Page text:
HIMSS News

Educational Shift in Informatics

HIMSS Clinical Informatics Insights

The last five years have seen unprecedented change in the field of clinical informatics, including its educational programs. Much of the change emanates from the Health Information Technology for Economic and Clinical Health (HITECH) Act, either directly from its programs or indirectly from derivative needs. Although there are other factors have led to change as well.

The HITECH Act brought unprecedented resources to clinical informatics. Most directly, it allocated $118 million for development of educational programs and their curricula. New programs were developed at all levels; from community colleges to universities and curricular; resources were developed and made available. Indirectly, the $24+ billion spent in the HITECH Act on EHR adoption led to a great need for expertise in clinical informatics within organizations implementing EHRs, which also drove the need for educational programs.

Post-HITECH, there have been other drivers of clinical informatics. Accountable care and other new models of healthcare delivery are requiring application of data analytics, which in turn requires better management of IT systems and, more importantly, the data within them. Others have discovered the importance of “Big Data.” The growing amount of consumer use of IT (e.g., the “quantified self”) research bodies, such as the National Institutes of Health, recognize Big Data is important to advance biomedical research, requiring not only research funding, but a well-trained “data science” workforce.

One big change has been an increasing precision in our understanding of the role of clinical informatics. This has better defined the knowledge and skills needed to succeed in clinical informatics as a career. Recent data from ONC and others show that job growth in clinical informatics has exceeded the projections many of us made as healthcare moved to more advanced use of IT. There is a clear need for informatics expertise in healthcare organizations as they pursue meaningful use incentives as well as move to newer models of care delivery. This has led a number of organizations to call on the Bureau of Labor Statistics to recognize health informatics in the Standard Occupational Classification (SOC) code system, which if approved, will lead to better quantification of those who work in informatics careers.

There has also been a refinement of specific subsets of professionals within clinical informatics. Most prominent among these is the emergence of the physician subspecialty. Last year, about 450 physicians became the first diplomates to successfully achieve clinical informatics board certification. Going forward, informatics education will change for these individuals, as training transitions to a clinical fellowship model.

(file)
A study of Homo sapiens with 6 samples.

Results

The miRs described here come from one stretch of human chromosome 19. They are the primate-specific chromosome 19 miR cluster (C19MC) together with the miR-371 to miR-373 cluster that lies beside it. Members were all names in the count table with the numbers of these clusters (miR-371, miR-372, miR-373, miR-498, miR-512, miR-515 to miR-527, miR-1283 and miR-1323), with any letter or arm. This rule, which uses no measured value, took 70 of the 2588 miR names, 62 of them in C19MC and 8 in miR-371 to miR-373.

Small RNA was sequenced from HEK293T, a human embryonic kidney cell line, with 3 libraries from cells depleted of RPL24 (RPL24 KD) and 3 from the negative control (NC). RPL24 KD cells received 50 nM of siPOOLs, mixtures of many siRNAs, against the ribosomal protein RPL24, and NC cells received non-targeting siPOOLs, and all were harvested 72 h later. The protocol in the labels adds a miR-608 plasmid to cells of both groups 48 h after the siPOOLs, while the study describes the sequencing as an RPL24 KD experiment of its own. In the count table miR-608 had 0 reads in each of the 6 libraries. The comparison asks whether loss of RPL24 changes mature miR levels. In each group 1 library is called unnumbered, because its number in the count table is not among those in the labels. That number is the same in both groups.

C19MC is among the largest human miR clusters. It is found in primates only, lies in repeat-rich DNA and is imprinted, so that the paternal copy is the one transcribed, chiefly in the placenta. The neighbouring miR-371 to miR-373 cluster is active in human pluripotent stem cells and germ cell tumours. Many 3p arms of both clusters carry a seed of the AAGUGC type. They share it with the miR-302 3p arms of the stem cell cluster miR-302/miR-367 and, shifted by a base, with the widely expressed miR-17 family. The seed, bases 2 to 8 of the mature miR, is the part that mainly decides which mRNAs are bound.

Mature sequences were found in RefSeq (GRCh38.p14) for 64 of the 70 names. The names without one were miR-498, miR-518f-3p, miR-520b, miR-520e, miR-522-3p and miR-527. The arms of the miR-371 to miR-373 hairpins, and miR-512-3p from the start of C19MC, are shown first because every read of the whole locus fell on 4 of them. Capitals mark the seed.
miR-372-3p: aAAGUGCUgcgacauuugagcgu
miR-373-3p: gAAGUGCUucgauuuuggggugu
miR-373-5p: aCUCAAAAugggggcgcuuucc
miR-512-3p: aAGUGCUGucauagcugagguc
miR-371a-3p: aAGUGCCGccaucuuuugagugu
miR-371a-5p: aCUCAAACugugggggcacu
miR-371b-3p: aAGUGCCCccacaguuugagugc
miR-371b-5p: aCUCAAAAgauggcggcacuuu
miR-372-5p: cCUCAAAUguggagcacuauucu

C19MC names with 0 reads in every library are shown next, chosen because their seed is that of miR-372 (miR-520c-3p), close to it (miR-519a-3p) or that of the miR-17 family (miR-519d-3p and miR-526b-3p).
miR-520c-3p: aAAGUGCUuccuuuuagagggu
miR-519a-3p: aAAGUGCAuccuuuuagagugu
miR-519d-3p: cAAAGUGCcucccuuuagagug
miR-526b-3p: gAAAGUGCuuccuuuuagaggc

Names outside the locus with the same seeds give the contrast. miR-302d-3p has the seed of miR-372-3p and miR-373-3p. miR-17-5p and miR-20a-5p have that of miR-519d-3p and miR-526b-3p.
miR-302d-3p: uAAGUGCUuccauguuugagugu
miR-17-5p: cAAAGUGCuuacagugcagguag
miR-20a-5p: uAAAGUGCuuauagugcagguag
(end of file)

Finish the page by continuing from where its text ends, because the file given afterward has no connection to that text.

Recognizing that physicians are only one part of the clinical informatics workforce, the American Medical Informatics Association (AMIA) has established a task force to develop recommendations for certification of other clinicians and non-clinicians in informatics. By the same token, Commission on Accreditation for Health Informatics and Information Management Education (CAHIIM) is now accrediting educational programs in informatics.

Concomitant with the growth of the clinical informatics profession is recognition that healthcare professionals will also need skills in clinical informatics to function effectively in the 21st century. As our medical school revamps its curriculum, we have had the opportunity to define competencies in clinical informatics and integrate them into the curriculum of future physicians. There is actually very little that is physician-specific in these competencies and they should be easily translatable to other health professions, such as nursing, pharmacy, and others.

Events of the last five years have not only led to the growth of clinical informatics and educational programs, but has set the stage for its future engagement in all aspects of personal health, healthcare, public health, and research. The optimal collection, analysis and use of data and information have become an integral part of the healthcare system and will require skills and knowledge to best leverage it. Well-educated clinical informatics professionals will lead the way in this process.

About the Contributor
Dr. Hersh is professor and chair of the Department of Medical Informatics & Clinical Epidemiology at Oregon Health & Science University and is a leader and innovator in biomedical informatics both in education and research.